Romengo plays Hungarian Olah-Gypsy music. Most of the members learned this music together with their mother tongues. The band performs on stage with traditional Gypsy folk songs learned from their parents, together with their own songs and world of sounds. Since they formed in 2004, apart from India (Sufi Sutra) Malajzia (Rainforest World Music Festival) South-Korea (Sori Festival) and Mexico (Cervantino Festival) Romengo gave concerts in more than 25 European festivals, and 2019 they celebrated their 15th annyversary in South-America. They had concerts in Columbia, Ecuador and Peru.
Both of the two albums of the band got among the best 10 albums of World Music Charts Europe.
Their album Kétháné hit the 5th place in September 2011, Nagyecsed-Budapest the 8th place in May 2014 on the most important professional list of Europe.
Mónika Lakatos, Romengo's solo vocalist, was rewarded with the Anna Lindh Prize in 2007, the For the Paralel Culture Prize in 2013 and in 2014 with the For Ethnic Minority Prize.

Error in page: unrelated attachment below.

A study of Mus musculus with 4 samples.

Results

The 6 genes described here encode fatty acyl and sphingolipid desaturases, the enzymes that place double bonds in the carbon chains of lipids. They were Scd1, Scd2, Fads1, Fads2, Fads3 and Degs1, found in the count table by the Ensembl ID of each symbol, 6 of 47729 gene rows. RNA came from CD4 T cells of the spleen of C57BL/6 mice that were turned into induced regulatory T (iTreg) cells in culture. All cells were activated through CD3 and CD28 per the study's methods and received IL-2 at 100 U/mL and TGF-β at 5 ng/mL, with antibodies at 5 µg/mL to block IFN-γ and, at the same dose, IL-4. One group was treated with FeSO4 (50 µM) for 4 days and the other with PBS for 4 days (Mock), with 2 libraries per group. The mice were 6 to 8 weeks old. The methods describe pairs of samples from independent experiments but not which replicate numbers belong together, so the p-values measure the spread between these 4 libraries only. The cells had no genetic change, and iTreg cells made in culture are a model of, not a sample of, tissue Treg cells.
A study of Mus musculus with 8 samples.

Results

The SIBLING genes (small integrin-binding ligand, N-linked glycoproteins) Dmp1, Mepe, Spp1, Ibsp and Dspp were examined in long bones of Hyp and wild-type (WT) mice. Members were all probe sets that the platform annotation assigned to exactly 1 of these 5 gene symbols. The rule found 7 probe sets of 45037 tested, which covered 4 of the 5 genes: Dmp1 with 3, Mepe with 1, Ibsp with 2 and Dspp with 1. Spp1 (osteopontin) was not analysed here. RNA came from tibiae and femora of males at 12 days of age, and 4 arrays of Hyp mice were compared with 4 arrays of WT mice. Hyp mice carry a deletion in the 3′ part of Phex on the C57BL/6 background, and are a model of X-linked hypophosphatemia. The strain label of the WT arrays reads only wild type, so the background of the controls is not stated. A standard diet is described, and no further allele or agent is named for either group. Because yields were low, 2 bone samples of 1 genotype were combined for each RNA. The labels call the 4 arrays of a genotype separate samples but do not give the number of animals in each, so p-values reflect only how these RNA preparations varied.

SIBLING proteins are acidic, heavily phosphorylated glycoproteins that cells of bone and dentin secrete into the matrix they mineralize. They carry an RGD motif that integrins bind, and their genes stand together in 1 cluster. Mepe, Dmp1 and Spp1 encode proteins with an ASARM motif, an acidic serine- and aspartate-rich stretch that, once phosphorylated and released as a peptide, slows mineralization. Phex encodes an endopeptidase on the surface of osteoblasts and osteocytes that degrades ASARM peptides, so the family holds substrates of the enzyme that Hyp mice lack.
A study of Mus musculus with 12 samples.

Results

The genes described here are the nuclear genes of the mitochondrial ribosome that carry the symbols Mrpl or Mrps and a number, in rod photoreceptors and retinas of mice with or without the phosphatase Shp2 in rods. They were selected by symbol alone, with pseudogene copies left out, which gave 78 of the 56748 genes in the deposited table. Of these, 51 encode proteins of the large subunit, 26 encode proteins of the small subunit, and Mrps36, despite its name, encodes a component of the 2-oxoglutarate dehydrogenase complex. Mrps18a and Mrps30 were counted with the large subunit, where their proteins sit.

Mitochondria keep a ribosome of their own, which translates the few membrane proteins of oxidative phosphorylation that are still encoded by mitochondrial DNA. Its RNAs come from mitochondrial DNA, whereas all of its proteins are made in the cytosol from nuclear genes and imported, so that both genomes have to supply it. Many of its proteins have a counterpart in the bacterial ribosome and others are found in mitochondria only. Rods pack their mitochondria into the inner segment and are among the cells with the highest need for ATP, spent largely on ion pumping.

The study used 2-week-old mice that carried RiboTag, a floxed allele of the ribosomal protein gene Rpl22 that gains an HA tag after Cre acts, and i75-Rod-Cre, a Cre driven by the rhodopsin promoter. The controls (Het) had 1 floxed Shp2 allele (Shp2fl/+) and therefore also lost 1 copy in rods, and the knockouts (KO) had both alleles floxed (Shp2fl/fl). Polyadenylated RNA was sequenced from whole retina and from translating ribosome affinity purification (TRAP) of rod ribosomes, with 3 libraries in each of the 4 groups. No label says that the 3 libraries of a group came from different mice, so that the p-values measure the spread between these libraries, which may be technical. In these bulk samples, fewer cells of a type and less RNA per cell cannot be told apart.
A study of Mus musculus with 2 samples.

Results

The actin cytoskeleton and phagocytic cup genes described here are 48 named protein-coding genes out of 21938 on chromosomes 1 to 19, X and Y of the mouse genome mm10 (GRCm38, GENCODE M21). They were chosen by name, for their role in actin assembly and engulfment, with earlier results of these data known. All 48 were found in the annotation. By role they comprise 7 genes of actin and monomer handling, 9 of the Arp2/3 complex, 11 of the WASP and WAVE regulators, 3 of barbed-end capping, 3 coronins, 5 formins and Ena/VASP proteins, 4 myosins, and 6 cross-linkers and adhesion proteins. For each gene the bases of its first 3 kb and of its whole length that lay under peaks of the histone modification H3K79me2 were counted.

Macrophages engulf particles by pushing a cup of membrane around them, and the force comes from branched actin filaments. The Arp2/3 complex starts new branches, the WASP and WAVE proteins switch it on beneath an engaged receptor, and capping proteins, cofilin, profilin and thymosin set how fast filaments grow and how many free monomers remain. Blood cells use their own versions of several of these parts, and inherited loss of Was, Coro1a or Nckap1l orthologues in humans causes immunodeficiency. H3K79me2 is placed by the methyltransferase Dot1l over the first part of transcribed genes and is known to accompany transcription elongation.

Mónika Lakatos's first solo album Romanimo, which represents Hungarian Olah Gypsy hearers-ballads, also got among the best 10 albums of World Music Charts Europe. It hit the 4th place in February 2018 right after it was released.
Among the top 150 elite of the year of World Music Charts Europe they 15th place in 2018.
Romengo's music features the honest of the cultural roots and the renewal. Apart from that they love using traditional instruments like cans, taps and spoons, they aren't afraid of new sounding either. Their openness is marked on that they played several times together with the Mendelssohn Chamber Orchestra and in 2015 they gave a joint evening with the Indian singer, Sumitra at Berlin Philharmonic.
According to their opinion, the limit of the Olah Gypsy music is going across the border of the country, that's why could such different stiles got involved into Romengo's songs like jazz and flamenco, thanks for the music of Mihály Dresh saxophone player and Juan De Lerida flamenco guitar player that can be heard on the Band's Nagyecsed-Budapest album.
"We would like if more and more people could find pleasure in it and be proud of the Hungarian Olah Gypsy culture which is a very important piece of our country's treasures. We strive to be worthy for it with our music."